Note: The following is the formation of the Hawaiian Islands according to scientists, Hawaiians have their own creation story that I will share in my next post.

The Hawaiian archipelago began to form around 5 million years ago and today consists of 132 volcanic islands which stretch 1,600 miles across the pacific.  They are the largest mass of mountains and the most remote island chain in the world.  You are probably somewhat familiar with the 8 major islands, listed in order from northwest to southeast, also the order in which they were formed: Kaua’i, Ni’ihau, O’ahu, Moloka’i, Lana’i, Maui, Kaho’olawe and Hawai’i.  Hawai’i or the Big Island, is the youngest island and the only one with current volcanic activity.  There is a new island forming under water southeast of the Big Island named Lo’ihi.  The last eruption on Maui was as recent as 1790.  The Pacific Plate which makes up the ocean floor moves over a “hotspot.” Peridoically a volcano punches through the plate, forms an island, stops forming an island and then moves northwest with the other islands, like Hershey kisses on a conveyer belt.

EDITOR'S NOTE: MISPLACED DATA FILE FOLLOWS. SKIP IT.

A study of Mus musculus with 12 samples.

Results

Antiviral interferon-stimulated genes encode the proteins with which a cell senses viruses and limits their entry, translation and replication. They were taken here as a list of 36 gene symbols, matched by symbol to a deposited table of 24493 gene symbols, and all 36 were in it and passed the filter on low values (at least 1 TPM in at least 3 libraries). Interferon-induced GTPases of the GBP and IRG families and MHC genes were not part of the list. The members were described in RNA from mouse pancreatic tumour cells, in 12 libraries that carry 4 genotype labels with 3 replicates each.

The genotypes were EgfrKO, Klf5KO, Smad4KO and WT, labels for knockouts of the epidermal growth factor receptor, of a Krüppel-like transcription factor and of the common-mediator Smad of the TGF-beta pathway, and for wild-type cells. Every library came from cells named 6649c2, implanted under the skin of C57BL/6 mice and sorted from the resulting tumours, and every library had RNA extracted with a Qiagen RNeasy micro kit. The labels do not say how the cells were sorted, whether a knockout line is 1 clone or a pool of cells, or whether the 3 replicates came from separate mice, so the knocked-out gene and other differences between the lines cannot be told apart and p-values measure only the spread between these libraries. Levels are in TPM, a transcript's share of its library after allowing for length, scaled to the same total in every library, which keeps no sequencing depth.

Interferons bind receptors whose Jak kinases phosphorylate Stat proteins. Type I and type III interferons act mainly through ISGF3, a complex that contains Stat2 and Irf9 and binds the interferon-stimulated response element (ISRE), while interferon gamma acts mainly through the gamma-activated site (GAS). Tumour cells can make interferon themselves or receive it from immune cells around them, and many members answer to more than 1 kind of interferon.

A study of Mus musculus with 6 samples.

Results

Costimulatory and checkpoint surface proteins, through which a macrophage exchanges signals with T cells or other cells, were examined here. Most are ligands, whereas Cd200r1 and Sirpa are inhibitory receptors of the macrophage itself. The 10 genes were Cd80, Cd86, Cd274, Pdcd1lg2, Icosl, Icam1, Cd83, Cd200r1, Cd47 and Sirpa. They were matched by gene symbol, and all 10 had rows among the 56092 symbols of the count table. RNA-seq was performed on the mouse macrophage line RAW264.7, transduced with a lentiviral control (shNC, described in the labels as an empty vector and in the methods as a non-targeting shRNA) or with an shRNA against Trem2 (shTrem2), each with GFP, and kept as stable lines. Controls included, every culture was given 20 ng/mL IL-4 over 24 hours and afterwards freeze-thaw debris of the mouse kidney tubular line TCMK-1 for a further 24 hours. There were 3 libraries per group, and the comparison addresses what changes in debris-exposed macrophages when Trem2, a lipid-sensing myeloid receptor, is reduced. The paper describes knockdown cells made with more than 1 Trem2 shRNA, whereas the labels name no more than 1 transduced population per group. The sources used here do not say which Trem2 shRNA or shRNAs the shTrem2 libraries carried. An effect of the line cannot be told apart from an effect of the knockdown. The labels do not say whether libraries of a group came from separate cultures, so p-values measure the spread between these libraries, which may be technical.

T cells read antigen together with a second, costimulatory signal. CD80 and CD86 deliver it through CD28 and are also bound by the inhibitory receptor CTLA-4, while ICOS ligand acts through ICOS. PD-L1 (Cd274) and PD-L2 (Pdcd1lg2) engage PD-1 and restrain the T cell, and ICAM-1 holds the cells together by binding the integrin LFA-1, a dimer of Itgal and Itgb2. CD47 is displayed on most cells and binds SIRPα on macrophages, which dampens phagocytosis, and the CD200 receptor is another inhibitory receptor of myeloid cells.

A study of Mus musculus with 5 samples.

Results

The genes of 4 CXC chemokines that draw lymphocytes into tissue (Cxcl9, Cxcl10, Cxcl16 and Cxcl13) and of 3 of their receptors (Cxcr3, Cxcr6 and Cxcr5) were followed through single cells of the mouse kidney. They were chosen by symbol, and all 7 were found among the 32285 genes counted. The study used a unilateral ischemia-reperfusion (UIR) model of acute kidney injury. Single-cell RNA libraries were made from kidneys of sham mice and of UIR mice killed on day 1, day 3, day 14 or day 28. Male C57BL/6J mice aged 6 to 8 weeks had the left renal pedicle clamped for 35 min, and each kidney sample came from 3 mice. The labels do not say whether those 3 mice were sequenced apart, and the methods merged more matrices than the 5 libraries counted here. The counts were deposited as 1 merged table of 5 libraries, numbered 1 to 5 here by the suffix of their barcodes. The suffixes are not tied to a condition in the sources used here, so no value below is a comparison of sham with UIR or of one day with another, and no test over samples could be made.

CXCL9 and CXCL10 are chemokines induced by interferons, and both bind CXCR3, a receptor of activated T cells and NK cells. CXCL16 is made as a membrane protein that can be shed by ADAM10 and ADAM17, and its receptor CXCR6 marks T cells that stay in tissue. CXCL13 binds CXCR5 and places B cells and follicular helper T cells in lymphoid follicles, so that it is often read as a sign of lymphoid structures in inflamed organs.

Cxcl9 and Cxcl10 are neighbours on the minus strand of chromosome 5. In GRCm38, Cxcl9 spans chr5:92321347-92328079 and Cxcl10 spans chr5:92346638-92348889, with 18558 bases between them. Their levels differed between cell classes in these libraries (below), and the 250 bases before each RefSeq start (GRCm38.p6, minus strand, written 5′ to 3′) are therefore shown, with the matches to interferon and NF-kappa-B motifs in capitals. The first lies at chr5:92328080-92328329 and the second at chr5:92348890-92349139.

Many parts of Hawaii are lush and tropical and it is hard to imagine that at one time they were just mounds of hardened lava.  All seeds came by wind, sea or birds and before human contact the islands were primarily grasslands.  That all changed when humans arrived on the scene circa 600 A.D.  They brought with them coconuts, taro, bananas, chickens, pigs and dogs.  Of course most things we associate with Hawaii, such as coconut trees, coffee, macadamia nuts and pineapples, are not native to the islands at all.

So there it is, a very short and brief natural history of the Hawaiian islands.  I know that this blog post contains very deep and intellectual writing, but please, publishers do not clog my inbox with requests to publish my work.  Aloha \m/

Basic Manual for Hawaii’s Tour Drivers and Guides.  Professional Standards for Hawaii’s Tour Guides. Kapi’olani Community College, 2015.